Topical Tuesday – Authenticity

I hear it a lot these days, that desire for the authentic, whether it be the local restaurant, the hope for a different kind of politician or simply a way of life.  I think it comes from the disturbing legacy of years when what is spoken bears no relation to actuality.  We are bombarded by soundbites seeking to gain our approval or Facebook ‘like’ but faced with a reality that lets us down at every turn.  Recent events in my country of birth, where the momentous decision to leave the EU was effected by a simple majority were beleaguered by campaigns on both sides full of  misrepresentation.  It now transpires that much was entirely inauthentic in substance, especially from those who advocated leave.

In the US we have seen the rise of Trump and a surprising surge of support for the unconventional champion of the downtrodden in Bernie Sanders.  Although Mr Sanders was unable to gain the presidential nomination, we now discover he was hampered by the Democratic establishment skewing the support of the party towards his opponent.  Despite this, his revolution has attracted the support of millions of Americans looking for that elusive ‘authentic’ politician.  You may be surprised to hear me say this, but Messrs Trump and Sanders have a lot in common.  Though representing 2 very different constituencies, what they have sought to do is appeal to the disillusioned with a message that cuts to the heart of their supporters’ fears and disenchantment.

Those who have thrown their considerable support behind Mr Trump are fed up with the established Republican cadre and rally to his entirely authentic voicing of their own thoughts and leanings.  Sadly, there are many people fearful of the ‘other’ be it the muslim immigrant who poses an existential terror threat or the immigrant from the south who comes to steal their living.  Something resonates in the anti-establishment railings and bombastic confidence that he can and will do things differently simply because he is not an established politician.  From a completely different perspective, Mr Sanders appeals to those who feel threatened BECAUSE they are ‘other’.  They are looking for someone who will genuinely fight for them, protect them from the elite power brokers who seem to have the establishment politicians in their pockets.  They are fed up with being fobbed off as their net worth and standing falls in the wake of powerful oligarchs taking and controlling more and more of the available wealth.  The call to do something about bankers responsible for almost destroying the world economy or the oil companies destroying the environment is highly attractive to those who feel without any power of influence.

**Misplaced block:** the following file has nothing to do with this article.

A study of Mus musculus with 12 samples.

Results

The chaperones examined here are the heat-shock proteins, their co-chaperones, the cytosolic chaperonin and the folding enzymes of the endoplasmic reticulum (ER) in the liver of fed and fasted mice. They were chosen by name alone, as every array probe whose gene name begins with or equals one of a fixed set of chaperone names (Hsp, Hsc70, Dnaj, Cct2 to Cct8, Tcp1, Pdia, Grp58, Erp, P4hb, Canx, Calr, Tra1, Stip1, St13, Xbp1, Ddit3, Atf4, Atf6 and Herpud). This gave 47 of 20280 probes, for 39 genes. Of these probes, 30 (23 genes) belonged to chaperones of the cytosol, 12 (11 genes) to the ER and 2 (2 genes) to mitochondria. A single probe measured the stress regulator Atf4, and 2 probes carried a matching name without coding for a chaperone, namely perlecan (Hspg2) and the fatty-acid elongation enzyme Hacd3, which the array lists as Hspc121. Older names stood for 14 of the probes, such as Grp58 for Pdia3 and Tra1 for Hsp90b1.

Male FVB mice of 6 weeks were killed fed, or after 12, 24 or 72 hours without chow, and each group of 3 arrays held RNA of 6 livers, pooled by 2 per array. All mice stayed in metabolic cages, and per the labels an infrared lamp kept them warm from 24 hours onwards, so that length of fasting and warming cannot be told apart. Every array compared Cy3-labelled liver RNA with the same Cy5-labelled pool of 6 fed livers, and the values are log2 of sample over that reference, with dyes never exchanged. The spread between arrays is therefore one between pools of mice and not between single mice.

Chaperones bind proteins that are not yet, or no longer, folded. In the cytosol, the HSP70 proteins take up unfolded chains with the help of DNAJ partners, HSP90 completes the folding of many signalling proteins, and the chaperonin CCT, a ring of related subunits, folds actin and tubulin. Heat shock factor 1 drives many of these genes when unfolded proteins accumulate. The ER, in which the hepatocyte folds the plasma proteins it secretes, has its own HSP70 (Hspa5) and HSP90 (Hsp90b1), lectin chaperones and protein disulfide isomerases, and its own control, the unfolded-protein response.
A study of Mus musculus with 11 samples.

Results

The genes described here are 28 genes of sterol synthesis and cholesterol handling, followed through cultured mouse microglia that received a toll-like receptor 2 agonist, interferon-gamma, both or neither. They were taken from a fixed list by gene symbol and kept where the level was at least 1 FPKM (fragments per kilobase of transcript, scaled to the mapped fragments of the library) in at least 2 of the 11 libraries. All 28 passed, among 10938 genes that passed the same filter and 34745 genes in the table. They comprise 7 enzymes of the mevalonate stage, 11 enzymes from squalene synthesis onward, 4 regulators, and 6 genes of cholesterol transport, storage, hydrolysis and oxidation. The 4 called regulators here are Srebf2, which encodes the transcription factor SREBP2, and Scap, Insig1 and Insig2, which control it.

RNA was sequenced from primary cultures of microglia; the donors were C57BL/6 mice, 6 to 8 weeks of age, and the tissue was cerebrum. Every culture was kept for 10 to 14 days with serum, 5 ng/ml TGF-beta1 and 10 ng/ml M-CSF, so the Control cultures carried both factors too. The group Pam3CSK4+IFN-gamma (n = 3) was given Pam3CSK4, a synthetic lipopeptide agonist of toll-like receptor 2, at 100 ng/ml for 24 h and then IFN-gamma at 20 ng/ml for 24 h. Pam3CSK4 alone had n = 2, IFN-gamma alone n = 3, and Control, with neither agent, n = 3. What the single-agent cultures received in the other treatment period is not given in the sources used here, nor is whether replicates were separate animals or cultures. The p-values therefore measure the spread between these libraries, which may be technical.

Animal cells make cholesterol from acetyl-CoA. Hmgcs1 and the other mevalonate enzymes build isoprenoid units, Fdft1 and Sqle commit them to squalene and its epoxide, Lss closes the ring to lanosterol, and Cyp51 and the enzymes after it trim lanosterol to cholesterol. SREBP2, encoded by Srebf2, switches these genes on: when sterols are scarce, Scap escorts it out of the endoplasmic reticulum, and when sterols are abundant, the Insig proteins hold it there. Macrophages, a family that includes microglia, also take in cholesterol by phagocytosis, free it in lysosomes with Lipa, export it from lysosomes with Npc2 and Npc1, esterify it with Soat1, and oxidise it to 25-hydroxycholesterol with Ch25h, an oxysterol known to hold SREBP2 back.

Personally, I am also attracted to what I feel to be authentic, but as I mused on the subject, I began to feel deeply challenged.  You see, the thing is, we are relying on someone else to wave their authentic magic wand and deal with the injustice, the fear or the dissatisfaction we feel with the way things are.  But if I want authentic, then what am I doing to achieve it in my own life, relationships, work and environment.  If I really don’t want the environment to be destroyed, am I making appropriate choices in what I drive, how I manage my consumption, how I dispose of my waste etc.  If I wish there were more ‘authentic’ natural places to eat then am I making the extra effort to support those who purvey such fair?  If I disapprove of the way workers are treated in garment factories in Bangladesh, do I purposely seek out clothes that are not manufactured in such places?  Do I bother to withdraw my relatively small amount of wealth from the institutions that have proven financial mismanagement and deposit them with those who demonstrate more honesty in their dealings?

In the end, if we seek authenticity, then I feel we should first seek it in our own lives rather than looking for someone else to do it for us.  If I want to see change in the world around me, the people I have a relationship with, the church I belong too, the neighborhood I live in, then it starts with me.  Am I really serious about living an authentic life.  In other words, am I willing to make the sacrifice necessary to line up what I really believe with the way in which I live my life.  Big question, big challenge!



  1. Daveen says:

    Couldn’t agree more – let’s encourage each other – almost impossible to do alone, I reckon!

  2. Sounds like a lot of effort. But also, worth it perhaps.

    1. David says:

      Yes, and I think you have hit the nail on the head. If we really want something bad enough we’ll make the sacrifices necessary. Perhaps it is a good measure of how authentic our own lives are; the degree to which we actually live it out rather then simply talk about it.